University of California, Santa Barbara organic chemist Luann Becker will receive a grant of $750,000 from NASA to further develop the Mars Organic Molecule Analyzer (MOMA), an instrument that will search for the past remnants of life on Mars. The instrument will probe subsurface soil samples taken as far as two meters below the surface of Mars. The project will be included in a European space mission.
The European Space Agency's (ESA) Aurora Program was approved in December 2005. Following the announcement by ESA, Becker submitted a NASA Mission of Opportunity proposal in support of her team's instrument, MOMA. The instrument is a mass spectrometer that will search for the chemical traces of life and is one of a suite of ten instruments in the ExoMars "Pasteur" payload, scheduled to arrive on Mars in 2013.
Becker is the principal investigator of a team that includes many French and German scientists as well as two co-investigators from the Johns Hopkins University in Baltimore. The American co-investigators are: William B. Brinckerhoff from the Applied Physics Laboratory and Robert J. Cotter of the Johns Hopkins School of Medicine's Department of Pharmacology and Molecular Sciences where the instrument will be developed.
ExoMars is Aurora's first Martian robotic exploration mission and is scheduled to be launched from Kourou, French Guiana. The ExoMars mission will deploy a highly mobile rover with a drill and the Pasteur payload that will analyze the Martian drill samples. ExoMars will provide the first subsurface vertical profile, and will reach down to two meters below the Martian surface. By drilling deep in to the subsurface, the ExoMars scientists hope to find evidence of water and past life that may have been erased from soil and rocks at the surface of Mars due to the very harsh environment that exists today.
The other lead American scientist who is developing a separate U.S. organic detection instrument on the Exomars mission is Jeffrey L. Bada, Becker's former Ph.D. advisor and professor at the Scripps Institute of Oceanography, University of California, San Diego. His NASA funding was also approved. "It is highly unusual for a professor and his former graduate student to have separate instruments on the same Mars mission," said Bada. Becker agreed, noting that her successful proposal is a tribute to Bada's scientific mentorship.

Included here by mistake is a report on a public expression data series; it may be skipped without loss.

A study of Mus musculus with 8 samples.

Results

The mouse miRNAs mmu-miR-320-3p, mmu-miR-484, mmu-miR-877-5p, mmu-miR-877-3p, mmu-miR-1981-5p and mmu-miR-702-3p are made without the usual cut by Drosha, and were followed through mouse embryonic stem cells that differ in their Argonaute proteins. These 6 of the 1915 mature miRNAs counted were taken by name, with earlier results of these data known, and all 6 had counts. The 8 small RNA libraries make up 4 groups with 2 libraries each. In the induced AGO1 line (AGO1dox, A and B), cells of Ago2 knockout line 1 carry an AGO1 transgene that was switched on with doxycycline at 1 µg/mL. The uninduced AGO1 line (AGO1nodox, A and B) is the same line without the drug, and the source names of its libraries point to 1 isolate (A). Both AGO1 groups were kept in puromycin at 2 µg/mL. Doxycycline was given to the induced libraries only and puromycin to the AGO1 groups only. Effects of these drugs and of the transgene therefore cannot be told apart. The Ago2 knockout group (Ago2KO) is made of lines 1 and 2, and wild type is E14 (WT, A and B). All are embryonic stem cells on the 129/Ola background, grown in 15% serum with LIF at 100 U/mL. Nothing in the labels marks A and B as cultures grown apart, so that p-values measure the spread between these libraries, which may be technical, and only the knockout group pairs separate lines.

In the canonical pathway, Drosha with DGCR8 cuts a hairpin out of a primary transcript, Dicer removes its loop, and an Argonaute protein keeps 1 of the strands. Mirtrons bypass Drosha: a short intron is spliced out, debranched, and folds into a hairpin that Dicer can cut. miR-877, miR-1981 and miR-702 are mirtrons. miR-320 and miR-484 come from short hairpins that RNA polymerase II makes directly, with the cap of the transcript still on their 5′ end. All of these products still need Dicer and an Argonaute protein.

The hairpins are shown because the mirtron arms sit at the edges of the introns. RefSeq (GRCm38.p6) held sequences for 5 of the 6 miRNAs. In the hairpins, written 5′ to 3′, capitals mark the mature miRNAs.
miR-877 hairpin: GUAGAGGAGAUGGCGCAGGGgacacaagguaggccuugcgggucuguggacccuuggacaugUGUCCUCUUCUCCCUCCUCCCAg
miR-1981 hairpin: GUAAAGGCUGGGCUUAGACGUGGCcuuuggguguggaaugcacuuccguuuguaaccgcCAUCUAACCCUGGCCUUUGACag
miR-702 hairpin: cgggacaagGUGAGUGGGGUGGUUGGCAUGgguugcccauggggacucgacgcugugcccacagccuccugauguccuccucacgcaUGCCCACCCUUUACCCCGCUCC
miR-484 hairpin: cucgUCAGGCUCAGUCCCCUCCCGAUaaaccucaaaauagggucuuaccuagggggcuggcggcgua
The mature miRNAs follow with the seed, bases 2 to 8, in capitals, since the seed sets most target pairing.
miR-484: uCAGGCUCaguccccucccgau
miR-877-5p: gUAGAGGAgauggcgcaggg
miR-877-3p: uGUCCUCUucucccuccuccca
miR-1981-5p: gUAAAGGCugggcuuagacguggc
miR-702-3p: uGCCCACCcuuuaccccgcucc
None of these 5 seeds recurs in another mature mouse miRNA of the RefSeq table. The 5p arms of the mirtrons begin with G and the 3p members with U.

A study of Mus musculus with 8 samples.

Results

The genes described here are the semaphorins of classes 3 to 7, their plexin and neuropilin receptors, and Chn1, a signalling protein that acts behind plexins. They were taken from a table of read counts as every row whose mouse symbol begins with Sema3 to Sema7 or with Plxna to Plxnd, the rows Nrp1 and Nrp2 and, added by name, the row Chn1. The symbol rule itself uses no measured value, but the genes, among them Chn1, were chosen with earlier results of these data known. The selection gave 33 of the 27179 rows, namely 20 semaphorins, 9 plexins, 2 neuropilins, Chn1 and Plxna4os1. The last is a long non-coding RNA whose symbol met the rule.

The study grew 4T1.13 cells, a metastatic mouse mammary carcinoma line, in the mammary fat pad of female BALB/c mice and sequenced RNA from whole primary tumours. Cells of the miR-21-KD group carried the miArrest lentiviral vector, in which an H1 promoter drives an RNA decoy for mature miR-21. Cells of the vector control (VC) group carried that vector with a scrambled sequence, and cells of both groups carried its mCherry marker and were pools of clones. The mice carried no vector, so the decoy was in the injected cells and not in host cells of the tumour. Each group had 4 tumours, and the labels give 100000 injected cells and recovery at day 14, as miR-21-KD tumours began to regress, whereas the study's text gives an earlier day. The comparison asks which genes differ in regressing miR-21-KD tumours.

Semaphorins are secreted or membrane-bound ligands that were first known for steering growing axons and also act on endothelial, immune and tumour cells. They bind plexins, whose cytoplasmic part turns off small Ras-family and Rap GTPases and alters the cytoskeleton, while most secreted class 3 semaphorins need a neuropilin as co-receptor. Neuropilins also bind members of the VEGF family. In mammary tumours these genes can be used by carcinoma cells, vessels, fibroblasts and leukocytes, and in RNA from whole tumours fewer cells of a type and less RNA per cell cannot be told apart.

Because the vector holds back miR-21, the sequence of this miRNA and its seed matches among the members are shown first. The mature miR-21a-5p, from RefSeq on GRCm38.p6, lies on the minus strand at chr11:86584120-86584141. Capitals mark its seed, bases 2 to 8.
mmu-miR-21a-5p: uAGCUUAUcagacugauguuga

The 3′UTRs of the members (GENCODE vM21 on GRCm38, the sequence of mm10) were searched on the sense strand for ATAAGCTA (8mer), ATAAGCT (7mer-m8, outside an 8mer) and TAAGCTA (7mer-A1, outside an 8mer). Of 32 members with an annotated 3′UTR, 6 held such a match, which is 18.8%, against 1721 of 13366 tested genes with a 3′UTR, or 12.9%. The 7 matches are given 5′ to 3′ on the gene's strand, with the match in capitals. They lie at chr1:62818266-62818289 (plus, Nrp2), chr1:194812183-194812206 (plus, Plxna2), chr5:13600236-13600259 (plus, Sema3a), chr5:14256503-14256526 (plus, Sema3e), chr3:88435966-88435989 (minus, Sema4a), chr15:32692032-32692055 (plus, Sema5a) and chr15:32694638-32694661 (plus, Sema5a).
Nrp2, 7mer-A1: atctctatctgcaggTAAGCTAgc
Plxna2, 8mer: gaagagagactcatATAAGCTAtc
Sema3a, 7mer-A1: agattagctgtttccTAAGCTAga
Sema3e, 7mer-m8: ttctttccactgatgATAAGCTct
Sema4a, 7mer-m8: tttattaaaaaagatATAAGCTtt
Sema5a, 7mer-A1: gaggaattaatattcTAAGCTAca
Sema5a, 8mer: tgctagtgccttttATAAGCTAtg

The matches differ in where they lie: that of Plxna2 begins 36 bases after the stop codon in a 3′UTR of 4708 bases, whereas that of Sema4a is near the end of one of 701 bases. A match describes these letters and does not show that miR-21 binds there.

Recent evidence of past water on the surface of Mars provided by the two NASA MER rovers -- that are still operating after three years on Mars -- has spurred interest in developing different, new, and highly sensitive instruments to search for present or past life on Mars.
"Humans are incredibly intrigued about the possibility of life beyond Earth," said Bada. "We're at a moment in time when we are going to be addressing this issue in the most robust way that's ever been attempted. I think it is extraordinarily interesting that if we do detect life on Mars, it not only provides us with an opportunity to try and understand how life began on that planet, but also will help us understand how life began on our own planet."
Becker, trained as an oceanographer and organic geochemist, is deeply involved in the study of the origin, evolution, and distribution of life in the universe, a field known as astrobiology. She was also involved in the study of organics in the Martian meteorite Allan Hills 84001. That meteorite revived interest in the search for life beyond the Earth and the current NASA and ESA Mars exploration programs. Some two dozen meteorites collected on Earth have been determined to be of Martian origin because noble gases, trapped in "glass" within the rock, match the composition of the Martian atmosphere first measured by the NASA Viking Landers in 1976.
The opportunity to work with the Europeans makes the project especially appealing to Becker. "The Europeans are coming together to support this mission," said Becker. "U.S. support is also required. It's a very, very unique opportunity. We all have a unified goal."